The model encourages CCOs to build a fundamental corporate character, then behave and communicate with stakeholders, including consumers, in accordance with it. In a change from earlier Page Society models, it also encourages communications leaders to promote positive behavior and advocacy from consumers via the social media platforms that have drastically changed the communications landscape. The Page Society notes that “the actions and the very existence of some intuitions are subject to radical transparency” in the framework.
“If you look at IBM and its ‘Smarter Planet' initiative, as well as many other companies that have very thoughtfully created not just advertising or PR campaigns, but a strategic focus that is well understood both within the enterprise and outside, that builds belief in those companies,” says Roger Bolton, president of the Page Society. “We don't think we have all the answers here, but I do think we provide a framework that should be useful to most members and one they can discuss with their teams.”
Prior to publishing the framework, the organization examined the communications models of companies such as GE, Apple, BMW, IBM, and Johnson & Johnson. Jon Iwata, SVP of marketing and communications at IBM, is the chairman of the Page Society.
The framework is valuable because it creates a boundary between the work of communicators and marketing and advertising professionals at a time when distinctions among those disciplines are becoming harder to recognize, notes Bob DeFillippo, CCO at Prudential Financial.
“This reinforces the standards that the industry needs to maintain no matter how dramatically the profession has changed,” he explains. “There is a blurring of the lines in terms of earned and paid. The new model establishes a distinction between the two things and helps to preserve the integrity of that which makes PR unique.”
However, Alan Kelly, CEO and founder of Playmaker Systems, says the Page Society is endorsing “a model and a mindset that has more to do with communications as a compliance function than communications as a competitive function.”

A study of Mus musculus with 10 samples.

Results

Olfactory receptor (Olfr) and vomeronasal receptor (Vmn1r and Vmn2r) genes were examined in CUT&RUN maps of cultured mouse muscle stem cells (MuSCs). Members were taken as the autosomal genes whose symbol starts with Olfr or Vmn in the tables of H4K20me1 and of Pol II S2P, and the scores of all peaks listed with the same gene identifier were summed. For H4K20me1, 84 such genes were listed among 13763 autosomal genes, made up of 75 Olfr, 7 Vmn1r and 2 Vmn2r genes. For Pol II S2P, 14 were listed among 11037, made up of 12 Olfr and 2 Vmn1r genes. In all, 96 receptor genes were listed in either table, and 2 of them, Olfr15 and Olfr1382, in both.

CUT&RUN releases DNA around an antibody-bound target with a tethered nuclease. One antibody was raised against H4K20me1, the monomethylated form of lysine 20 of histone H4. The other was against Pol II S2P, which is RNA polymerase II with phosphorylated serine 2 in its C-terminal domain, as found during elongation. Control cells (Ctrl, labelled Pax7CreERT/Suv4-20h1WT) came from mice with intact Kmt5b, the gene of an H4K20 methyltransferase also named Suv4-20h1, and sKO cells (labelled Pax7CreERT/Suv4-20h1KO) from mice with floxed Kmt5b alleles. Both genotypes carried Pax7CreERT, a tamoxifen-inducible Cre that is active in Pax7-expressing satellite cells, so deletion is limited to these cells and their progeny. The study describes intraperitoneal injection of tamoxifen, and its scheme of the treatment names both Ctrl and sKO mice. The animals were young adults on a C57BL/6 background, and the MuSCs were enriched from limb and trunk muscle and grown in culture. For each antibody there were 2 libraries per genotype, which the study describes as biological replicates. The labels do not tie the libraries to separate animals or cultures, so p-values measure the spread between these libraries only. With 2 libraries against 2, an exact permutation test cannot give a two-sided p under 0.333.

“We're in a time when corporations are largely apologetic for their existence, their right to operate, and their right to communicate, and they are generally unfamiliar with and unwilling to take measures that will actively and progressively state, restate, and argue their point of view and position,” he notes. “The model we have, frankly, takes us backward to a mindset that the communications executive is there to protect and serve rather than to differentiate.”
The model follows two earlier reports by the Page Society, “The Authentic Enterprise” release in 2007, and “The Dynamics of Public Trust in Business – Emerging Opportunities for Leaders,” which followed two years later. However, in a videotaped address to the conference, Iwata indicated that the industry has far outgrown previous communications models that have been in use for decades.
Most communications executives interviewed by PRWeek give the just-released framework positive reviews, but add that the organization must refine the standards in the future. For instance, Ray Jordan, corporate VP of public affairs and corporate communications at Johnson & Johnson, explains that while the framework notes the blurring lines between earned and paid media, the organization will have to reexamine the ethical implications of that confluence in coming years.
“Are there new ethical concerns there? That will need to be revisited,” he says.
Kirsten Gorsuch, VP of corporate communications at medical technology company Medtronic, says she is largely pleased with the communications model, but adds that future versions should incorporate b-to-b companies.
“If you're more of a b-to-b company that doesn't have as much interaction with consumers, what does advocacy of scale mean?” she says. “Everyone has acknowledged that this is a work in progress and that very few companies have this all figured out.”